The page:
Are music streaming platforms biased towards major label artists?

Image Credit: Gery Wibowo

Do major labels dominate music streaming? A new study suggests that music streaming is an unlevel playing field for artists, with major labels favoured over independent artists for success on the platforms.

A new study has addressed the advantages that big record labels have over independent artists and indie labels in the world of music streaming. Despite the fact that the independent music sector is growing at a larger rate than the large record labels, the findings conclude that streaming is still biased in favour of the majors.

“Music Streaming: Is it a Level Playing Field?” was compiled by Competition Policy International (CPI), an antitrust-policy platform based in Boston. The analysis focuses on music streaming in the UK, and is timely given that a government inquiry has recently been investigating the economics of music streaming.

Streaming saved the music industry from ruin. There’s little doubt about that. The launch of services like Spotify meant that little attraction remained in pirating music – listeners could find and listen to new music easily and for free, with the bonus that artists could actually make money from their songs being played.

Artists can reach a wider audience than ever before, but the rise of streaming has come at a price. Consumers have turned away from CD and digital sales, and abandoned radio and music TV for streaming services, which is damaging for artists as streaming pays out less than any of those revenue sources.

CPI’s study focused on competition within music creation, and whether streaming tips in favour of major labels. It concluded that competition within music creation has independents at a distinct disadvantage. Royalty arrangements in streaming platforms are based on an outdated pro-rata model that hasn’t caught up with the streaming system, leaning towards rewarding established mainstream commercial artists who pull in massive numbers of plays.

That’s not to say that hugely popular artists don’t deserve to be rewarded, but the study showed that major labels are in a stronger place to negotiate with platforms, have better access to critical data and more pull with regards to which artists get on which big playlists and therefore get more plays. The majors also have residual equity stakes in the likes of Spotify. Also addressed was the fact that Spotify’s top editorial playlists are full of major label artists.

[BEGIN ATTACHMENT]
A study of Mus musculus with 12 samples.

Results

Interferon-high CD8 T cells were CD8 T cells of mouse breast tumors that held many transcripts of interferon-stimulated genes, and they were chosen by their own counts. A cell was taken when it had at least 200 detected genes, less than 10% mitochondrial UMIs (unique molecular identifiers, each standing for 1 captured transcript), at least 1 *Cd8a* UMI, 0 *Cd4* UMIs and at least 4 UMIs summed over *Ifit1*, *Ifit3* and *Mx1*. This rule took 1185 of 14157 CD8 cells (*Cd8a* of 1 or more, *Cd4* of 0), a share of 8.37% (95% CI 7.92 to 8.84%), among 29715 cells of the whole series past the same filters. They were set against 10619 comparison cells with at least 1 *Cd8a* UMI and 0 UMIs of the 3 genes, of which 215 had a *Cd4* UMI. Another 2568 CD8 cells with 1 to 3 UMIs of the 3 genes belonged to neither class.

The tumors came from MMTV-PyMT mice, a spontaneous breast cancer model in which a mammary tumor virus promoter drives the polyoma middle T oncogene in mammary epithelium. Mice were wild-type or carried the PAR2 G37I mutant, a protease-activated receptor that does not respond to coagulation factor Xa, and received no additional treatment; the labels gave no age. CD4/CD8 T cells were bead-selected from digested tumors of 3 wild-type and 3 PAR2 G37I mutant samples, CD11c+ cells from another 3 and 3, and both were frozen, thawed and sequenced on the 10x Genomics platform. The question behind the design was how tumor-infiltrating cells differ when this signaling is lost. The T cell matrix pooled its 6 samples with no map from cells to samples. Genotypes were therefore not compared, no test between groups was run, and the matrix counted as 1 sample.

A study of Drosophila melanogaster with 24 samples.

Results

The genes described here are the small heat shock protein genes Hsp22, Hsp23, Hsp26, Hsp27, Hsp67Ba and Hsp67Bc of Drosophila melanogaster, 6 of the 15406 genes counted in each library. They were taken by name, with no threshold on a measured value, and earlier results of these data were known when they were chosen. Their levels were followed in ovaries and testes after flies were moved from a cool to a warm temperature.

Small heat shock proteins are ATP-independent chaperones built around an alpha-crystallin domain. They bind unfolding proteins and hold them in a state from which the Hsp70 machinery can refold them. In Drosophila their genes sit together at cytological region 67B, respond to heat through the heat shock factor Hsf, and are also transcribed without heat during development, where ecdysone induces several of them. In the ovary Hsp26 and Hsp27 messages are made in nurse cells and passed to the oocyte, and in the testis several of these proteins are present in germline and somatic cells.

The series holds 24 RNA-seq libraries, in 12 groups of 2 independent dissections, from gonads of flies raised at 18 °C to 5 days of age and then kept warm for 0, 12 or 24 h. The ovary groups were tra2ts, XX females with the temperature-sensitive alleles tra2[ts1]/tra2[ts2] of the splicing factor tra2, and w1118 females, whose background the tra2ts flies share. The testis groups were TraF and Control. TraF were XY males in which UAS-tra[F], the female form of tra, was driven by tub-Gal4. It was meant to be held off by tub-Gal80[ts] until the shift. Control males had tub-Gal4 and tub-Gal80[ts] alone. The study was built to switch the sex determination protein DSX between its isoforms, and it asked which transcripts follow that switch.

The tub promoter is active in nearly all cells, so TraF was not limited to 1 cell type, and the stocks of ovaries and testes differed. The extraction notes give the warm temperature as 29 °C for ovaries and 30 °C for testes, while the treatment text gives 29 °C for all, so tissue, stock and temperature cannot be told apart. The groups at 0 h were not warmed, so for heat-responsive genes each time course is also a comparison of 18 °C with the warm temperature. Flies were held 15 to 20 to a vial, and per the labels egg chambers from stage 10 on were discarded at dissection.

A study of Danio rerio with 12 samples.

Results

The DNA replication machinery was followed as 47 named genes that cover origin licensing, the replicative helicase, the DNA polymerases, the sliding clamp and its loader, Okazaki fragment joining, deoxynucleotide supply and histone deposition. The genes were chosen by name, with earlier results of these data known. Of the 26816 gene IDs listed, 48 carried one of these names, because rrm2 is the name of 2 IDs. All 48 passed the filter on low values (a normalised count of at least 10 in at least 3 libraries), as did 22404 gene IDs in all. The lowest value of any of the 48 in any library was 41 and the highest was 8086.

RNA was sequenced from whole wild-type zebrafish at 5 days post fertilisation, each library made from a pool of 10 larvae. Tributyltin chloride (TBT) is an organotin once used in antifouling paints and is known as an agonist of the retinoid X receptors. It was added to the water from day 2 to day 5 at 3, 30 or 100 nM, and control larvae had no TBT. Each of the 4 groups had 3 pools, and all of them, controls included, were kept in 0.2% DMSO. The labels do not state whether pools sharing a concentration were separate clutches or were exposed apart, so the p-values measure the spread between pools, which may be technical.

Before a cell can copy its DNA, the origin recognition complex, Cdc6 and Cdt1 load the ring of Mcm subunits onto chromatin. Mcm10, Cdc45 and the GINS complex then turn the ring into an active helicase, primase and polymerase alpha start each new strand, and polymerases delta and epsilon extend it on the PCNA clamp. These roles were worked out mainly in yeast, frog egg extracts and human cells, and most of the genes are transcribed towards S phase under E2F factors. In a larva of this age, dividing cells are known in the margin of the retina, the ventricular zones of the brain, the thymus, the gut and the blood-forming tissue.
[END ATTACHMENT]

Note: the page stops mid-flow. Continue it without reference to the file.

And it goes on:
The study points out that whilst the issues are nothing new, tackling them has never been more vital with streaming nearly the only income for artists as the pandemic keeps venues closed.

Findings suggest playlist pitching is harder to access unless you have pull in the industry. The study also suggests algorithmic playlists are biased towards bigger artists and labels, which could favour more mainstream, established and international artists. More experimental music that doesn’t naturally fit into a genre, or in a language other than English, could be at a disadvantage.

It’s not just about artists. If the streaming model continues to ignore the plight of independent artists, there’s the very real threat that in the future more niche and experimental genres will be abandoned. The world may end up with mainstream commercial music being the only viable economic option for music-makers.

So what do CPI suggest can be done about these issues? The study calls for greater transparency around both how the big editorial playlists are created, to stop bias towards mainstream artists, and around contracts. It favours a move towards the user-centric payment model, recently introduced by SoundCloud for some artists on the platform, so that users’ money only goes to the artists whose music they stream.


Streaming offers amazing opportunities for every artist, but that doesn’t mean that artists therefore have to be grateful, shut up, and accept the status quo. At RouteNote we’ll always have the backs of independent artists and small labels. We were founded with the aim to give artists total control over their music. We’re keeping an eye on the streaming debate to make sure independent artists are getting the best possible deal, so that musicians and producers can afford to keep creating and fans can keep discovering amazing new music.

I write about music for RouteNote, sharing fun stuff, news, and tips and tricks for musicians and producers. Also a saxophonist and hater of marmalade.


    It has nothing to do with streaming platforms; it has to do with the audience. Listeners are biased toward hit songs.